Discussions around greater transparency in policy wordings and clarifying coverage have become a top priority following the FCA’s business interruption test case – is this a ‘better late than never’ scenario or has the hit to the sector’s reputation crippled any chance of forging customer trust?
By Associate Editor Katie Scott
I think we can all agree that the test case action around the interpretation of business interruption (BI) policy wordings in relation to Covid-19-driven claims has acted like a sledgehammer to the insurance industry’s already mistrusted reputation, especially since both the High Court and Supreme Court have mainly sided with policyholders and the FCA rather than insurers.
Insurance firms that declined claims, rightfully or not, merely perpetuated the image that the general public already holds.
This topic raises a red flag around the so-called ‘expectation gap’, where insurers and their policyholders have different notions about what coverage is included within the purchased insurance policy.
In turn, this had led to a call for action centred on generating greater transparency within the sector, primarily around creating clear policy wordings and making sure that customers actually understand them.
The Chartered Insurance Institute (CII) has tried to step up to the plate here.
On 14 September last year – the day before the High Court issued its ruling in the BI test case – it created a Chartered Transparency Forum, designed to “examine ways the profession can best meet the expectations of consumers”.
Following this, in December 2020, the Chartered Transparency Forum compiled and published a ‘Transparency Companion’ guide for CII members.
This highlights “how insurance professionals should apply the Chartered Insurance Institute’s Code of Ethics to ensure customers understand the extent of cover and service offered by insurance products and receive clear information before, during and after the point of sale”.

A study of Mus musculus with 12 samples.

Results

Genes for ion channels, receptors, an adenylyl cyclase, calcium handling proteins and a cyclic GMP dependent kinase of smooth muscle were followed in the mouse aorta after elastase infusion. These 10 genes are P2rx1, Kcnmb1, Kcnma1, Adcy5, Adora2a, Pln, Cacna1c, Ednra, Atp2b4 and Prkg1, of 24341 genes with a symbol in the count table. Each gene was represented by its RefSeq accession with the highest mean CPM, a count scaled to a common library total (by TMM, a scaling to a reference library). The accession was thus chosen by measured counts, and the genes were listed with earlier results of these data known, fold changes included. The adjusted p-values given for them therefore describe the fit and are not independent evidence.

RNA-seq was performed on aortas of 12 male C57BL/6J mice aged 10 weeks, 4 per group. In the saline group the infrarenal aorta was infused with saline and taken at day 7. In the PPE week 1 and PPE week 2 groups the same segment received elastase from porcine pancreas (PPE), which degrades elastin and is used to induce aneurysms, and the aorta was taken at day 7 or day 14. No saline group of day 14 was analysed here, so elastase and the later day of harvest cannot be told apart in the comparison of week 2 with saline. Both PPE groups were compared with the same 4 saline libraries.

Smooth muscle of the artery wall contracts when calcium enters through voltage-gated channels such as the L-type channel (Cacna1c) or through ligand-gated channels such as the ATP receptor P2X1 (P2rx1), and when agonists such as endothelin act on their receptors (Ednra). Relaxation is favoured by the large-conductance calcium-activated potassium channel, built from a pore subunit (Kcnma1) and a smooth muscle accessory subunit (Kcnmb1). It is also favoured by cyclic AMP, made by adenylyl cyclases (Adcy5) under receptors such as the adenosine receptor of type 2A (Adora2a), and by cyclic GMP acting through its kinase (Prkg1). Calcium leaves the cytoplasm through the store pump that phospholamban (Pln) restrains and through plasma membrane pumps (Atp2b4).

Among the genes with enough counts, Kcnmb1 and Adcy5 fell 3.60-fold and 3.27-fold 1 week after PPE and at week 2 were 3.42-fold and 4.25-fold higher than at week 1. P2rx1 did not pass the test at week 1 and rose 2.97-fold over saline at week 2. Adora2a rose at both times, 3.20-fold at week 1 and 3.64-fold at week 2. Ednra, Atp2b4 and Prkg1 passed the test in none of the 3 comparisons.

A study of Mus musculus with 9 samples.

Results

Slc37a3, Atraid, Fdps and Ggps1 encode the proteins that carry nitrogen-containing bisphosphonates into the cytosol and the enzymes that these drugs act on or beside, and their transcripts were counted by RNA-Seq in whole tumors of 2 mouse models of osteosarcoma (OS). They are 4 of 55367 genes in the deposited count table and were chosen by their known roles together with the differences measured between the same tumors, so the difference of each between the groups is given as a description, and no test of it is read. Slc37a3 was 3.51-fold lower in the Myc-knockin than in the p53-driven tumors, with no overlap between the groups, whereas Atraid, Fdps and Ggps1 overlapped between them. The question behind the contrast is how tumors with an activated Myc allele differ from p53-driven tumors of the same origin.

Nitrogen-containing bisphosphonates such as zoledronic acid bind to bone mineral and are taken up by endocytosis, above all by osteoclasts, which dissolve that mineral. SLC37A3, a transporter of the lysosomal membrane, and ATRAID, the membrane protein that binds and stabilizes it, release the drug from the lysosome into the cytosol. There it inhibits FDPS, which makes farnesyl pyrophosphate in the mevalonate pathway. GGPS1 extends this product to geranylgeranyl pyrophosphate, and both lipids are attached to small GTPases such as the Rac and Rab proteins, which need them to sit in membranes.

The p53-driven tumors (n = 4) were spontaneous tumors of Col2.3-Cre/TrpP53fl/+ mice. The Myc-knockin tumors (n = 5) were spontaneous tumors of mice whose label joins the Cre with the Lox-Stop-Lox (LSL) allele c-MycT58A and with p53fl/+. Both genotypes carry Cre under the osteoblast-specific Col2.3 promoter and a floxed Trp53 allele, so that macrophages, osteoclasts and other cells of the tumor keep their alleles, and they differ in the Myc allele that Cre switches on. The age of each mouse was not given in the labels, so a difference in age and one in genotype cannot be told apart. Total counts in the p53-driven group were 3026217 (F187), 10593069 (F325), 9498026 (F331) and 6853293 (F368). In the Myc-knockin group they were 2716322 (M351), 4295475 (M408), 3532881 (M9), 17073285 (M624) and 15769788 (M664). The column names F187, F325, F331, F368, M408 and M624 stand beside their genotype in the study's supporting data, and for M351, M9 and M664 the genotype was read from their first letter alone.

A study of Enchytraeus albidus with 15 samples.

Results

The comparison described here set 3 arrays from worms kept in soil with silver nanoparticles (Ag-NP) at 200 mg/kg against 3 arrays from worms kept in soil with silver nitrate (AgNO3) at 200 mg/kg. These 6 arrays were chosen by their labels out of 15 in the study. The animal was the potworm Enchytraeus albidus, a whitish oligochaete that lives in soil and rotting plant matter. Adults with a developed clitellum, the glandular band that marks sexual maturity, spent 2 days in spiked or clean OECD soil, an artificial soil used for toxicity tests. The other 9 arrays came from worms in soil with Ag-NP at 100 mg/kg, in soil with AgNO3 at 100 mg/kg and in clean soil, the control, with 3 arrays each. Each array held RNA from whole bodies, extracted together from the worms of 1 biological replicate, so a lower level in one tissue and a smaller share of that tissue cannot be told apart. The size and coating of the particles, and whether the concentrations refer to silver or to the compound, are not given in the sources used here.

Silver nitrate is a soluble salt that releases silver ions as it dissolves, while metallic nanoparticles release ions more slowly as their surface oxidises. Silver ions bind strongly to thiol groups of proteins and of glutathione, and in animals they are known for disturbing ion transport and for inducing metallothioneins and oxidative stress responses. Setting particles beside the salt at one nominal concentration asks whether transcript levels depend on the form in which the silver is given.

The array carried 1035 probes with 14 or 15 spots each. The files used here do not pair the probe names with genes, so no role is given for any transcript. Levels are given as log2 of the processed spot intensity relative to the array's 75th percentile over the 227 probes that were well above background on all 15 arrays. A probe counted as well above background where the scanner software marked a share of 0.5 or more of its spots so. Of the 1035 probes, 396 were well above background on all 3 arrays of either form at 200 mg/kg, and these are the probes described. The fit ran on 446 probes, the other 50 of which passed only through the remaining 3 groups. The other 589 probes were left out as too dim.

Terrible state of play
The CII further flagged its transparency mission during a webinar on 20 January titled ‘Transparency and Insurance: What can be done to close the expectation gap?’.
Panellists included Chartered Transparency Forum members Peter Blanc, group chief executive of Aston Lark, Graham Trudgill, executive director of Biba, and James Daley, managing director of Fairer Finance.
Outlining the problem the sector finds itself in, Blanc explained: “Transparency is a really interesting topic because at the moment, insurance has got a truly shocking reputation – that’s no over-statement.
“If you stopped 100 people in the street and asked them what they thought about insurance, a fair few of them would say ‘well, you have to buy it and then they try and wriggle every time there’s a claim’. There’s that awful perception that insurance just doesn’t do what it’s supposed to do, which in a lot of cases is very, very unfair.
“Insurance companies do pay claims, we know they pay claims and there are many, many, many happy customers. But unfortunately, those customers just don’t become newsworthy.
”The few unhappy customers, few unhappy outcomes are blown out of all proportion so that the general population’s consensus is that insurance is full of weasel words, excuses and reasons why they can’t honour their promises. It’s a terrible state of play and it’s something that we absolutely have to address.”
Although the webinar was full of good insights about how the sector could reduce the expectation gap, for example lowering the reading age of policy documentation, my fear is that consumers could view this as ‘too little, too late’, as the damage from unpaid BI claims has already impacted many businesses (although I expect more payouts are on the way following the Supreme Court’s decision).
I agree with the panellists that minimising the expectation gap will increase trust in the industry and improve understanding of insurance products more generally – I just wonder whether customers will give the sector a fair chance to demonstrate changes and improvements or whether we will be blighted with the BI reputational curse for years to come, especially as innovation in insurance is not known for its speed.